The Paycheck Protection Program (PPP) is Helping These Industries the Most


Congress is returning to the Capitol to discuss another round of economic stimulus as the coronavirus pandemic rages on across the South and West. Nancy Pelosi wants more than $1.3T in aid, while Donald Trump says he wants a payroll tax cut. With the deficit already climbing to dizzying heights at $864B in June, it might be helpful to pause and consider which industries are benefiting the most from all this spending.Industries Receiving PPP Loans

  • Health care and social assistance organizations received more money than any other industry in the Paycheck Protection Program (PPP) at $67.36B, or 12.92% of the program’s total.
  • 3 industries other than health care also received more than $50B, including professional services ($66.43B), construction ($64.57B) and manufacturing ($54B).
  • Companies working in educational services got comparatively little funding at just $11.99B or 2.34% of the total.
  • A lot of industries received lesser amounts, like utilities ($1.5B) and mining ($4.51B), demonstrating how the PPP is impacting diverse segments in the economy.

We found the data for our visualization directly from the U.S. Small Business Administration’s report on the Paycheck Protection Program (PPP). The PPP is a uniquely American response to the forced lockdowns and business closures resulting from the coronavirus pandemic. The government guaranteed forgivable loans to small businesses impacted by the virus if they kept workers on the payrolls. Businesses could apply for these loans through banks. You can find all the details about PPP, including limits and conditions, from the SBA. Our visualization highlights the specific industries benefiting the most from the $521.48B in PPP loans as of June 30, 2020.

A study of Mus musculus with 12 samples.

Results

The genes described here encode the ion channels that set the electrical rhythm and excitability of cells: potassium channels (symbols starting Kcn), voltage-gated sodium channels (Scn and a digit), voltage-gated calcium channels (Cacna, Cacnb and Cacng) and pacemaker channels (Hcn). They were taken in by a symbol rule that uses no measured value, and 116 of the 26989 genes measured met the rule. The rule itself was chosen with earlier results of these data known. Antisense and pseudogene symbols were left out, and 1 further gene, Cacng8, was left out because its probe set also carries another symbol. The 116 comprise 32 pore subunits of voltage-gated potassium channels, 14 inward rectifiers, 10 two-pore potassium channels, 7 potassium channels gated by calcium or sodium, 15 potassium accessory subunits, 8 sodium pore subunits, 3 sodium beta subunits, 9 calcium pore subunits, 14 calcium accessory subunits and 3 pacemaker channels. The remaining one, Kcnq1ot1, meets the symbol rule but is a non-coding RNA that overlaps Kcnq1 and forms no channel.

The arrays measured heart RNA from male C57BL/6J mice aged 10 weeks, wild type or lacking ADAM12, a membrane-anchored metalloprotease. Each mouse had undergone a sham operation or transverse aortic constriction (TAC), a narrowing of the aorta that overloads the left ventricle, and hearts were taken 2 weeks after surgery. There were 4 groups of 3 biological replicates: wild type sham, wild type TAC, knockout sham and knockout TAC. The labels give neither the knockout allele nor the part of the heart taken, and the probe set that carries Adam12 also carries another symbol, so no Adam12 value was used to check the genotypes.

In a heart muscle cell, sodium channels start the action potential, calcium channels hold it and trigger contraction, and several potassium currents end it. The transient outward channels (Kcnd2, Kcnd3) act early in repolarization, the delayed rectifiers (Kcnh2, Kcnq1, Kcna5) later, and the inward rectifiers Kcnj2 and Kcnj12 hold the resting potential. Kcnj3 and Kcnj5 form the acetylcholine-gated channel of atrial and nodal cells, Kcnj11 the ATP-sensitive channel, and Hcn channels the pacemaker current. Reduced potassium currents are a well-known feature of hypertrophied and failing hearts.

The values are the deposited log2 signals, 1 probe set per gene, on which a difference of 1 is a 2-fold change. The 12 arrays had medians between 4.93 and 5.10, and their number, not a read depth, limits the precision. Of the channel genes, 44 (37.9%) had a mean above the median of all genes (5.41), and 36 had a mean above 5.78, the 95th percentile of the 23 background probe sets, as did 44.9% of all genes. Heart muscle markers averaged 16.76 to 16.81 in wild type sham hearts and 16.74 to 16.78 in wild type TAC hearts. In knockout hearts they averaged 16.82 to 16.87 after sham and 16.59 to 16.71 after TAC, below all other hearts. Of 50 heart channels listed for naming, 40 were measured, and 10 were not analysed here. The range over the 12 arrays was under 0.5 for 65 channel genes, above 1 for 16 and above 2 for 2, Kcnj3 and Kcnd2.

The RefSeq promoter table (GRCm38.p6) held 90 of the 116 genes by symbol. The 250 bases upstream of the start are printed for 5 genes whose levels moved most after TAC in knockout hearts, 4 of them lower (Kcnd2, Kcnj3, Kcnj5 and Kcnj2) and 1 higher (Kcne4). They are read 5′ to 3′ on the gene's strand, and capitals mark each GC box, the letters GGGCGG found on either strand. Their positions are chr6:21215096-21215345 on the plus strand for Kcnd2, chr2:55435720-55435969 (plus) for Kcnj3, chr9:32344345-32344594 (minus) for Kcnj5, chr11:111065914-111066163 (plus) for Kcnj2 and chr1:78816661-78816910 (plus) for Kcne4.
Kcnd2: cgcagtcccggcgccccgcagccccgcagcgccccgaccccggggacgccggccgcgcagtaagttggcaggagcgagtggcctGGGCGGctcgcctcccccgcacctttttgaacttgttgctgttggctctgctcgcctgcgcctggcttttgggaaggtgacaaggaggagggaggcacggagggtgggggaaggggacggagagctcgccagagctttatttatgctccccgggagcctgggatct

Top 10 Industries Receiving PPP Assistance

  • Health Care & Social Assistance: $67.36B or 12.92%
  • Professional, Scientific & Technical Services: $66.43B or 12.74%
  • Construction: $64.57B or 12.38%
  • Manufacturing: $54B or 10.36%
  • Accommodation & Food Services: $42.1B or 8.07%
  • Retail Trade: $40.36B or 7.74%
  • Wholesale Trade: $27.73B or 5.32%
  • Administrative & Waste Management: $26.48B or 5.08%
  • Transportation & Warehousing: $17.9B or 3.28%
  • Real Estate, Rental & Leasing: $15.63B or 3%

Health care and social assistance companies are obvious standouts for direct government funding. Working on the frontlines of the coronavirus pandemic merits additional government money, and at $67.36B, this industry is taking home the largest percentage of PPP aid (12.92%). The other industries at the top of the list also make a lot of sense. Scientific, technical and professional services ($66.43B), construction ($64.57B) and manufacturing ($54B) all cover huge segments of the workforce. The pandemic is also hitting the food services ($42.1B) and retail ($40.36B) industries especially hard. In fact, our visualization makes it clear how the PPP is impacting a wide variety of industries, providing another indication of the breadth of disruption to the workforce.

A lot of different industries are benefiting from PPP, but there are still a few controversies in the disbursement of government aid. For starters, educational services and schools received relatively little money and are now a major flashpoint in the debate around additional stimulus funding. Big banks are also benefiting as the middlemen in the disbursement of PPP money, raising fees for their services and giving well-connected clients concierge treatment. Other questionable loans through PPP are now emerging. To give just two examples, Kanye West’s Yeezy received a multimillion dollar loan, and so did some hedge funds.

So the PPP has some problems, but it’s clear that a wide variety of industries and companies are benefiting from the rush to get stimulus into the economy. What do you think will happen with the next round of government stimulus? Let us know in the comments.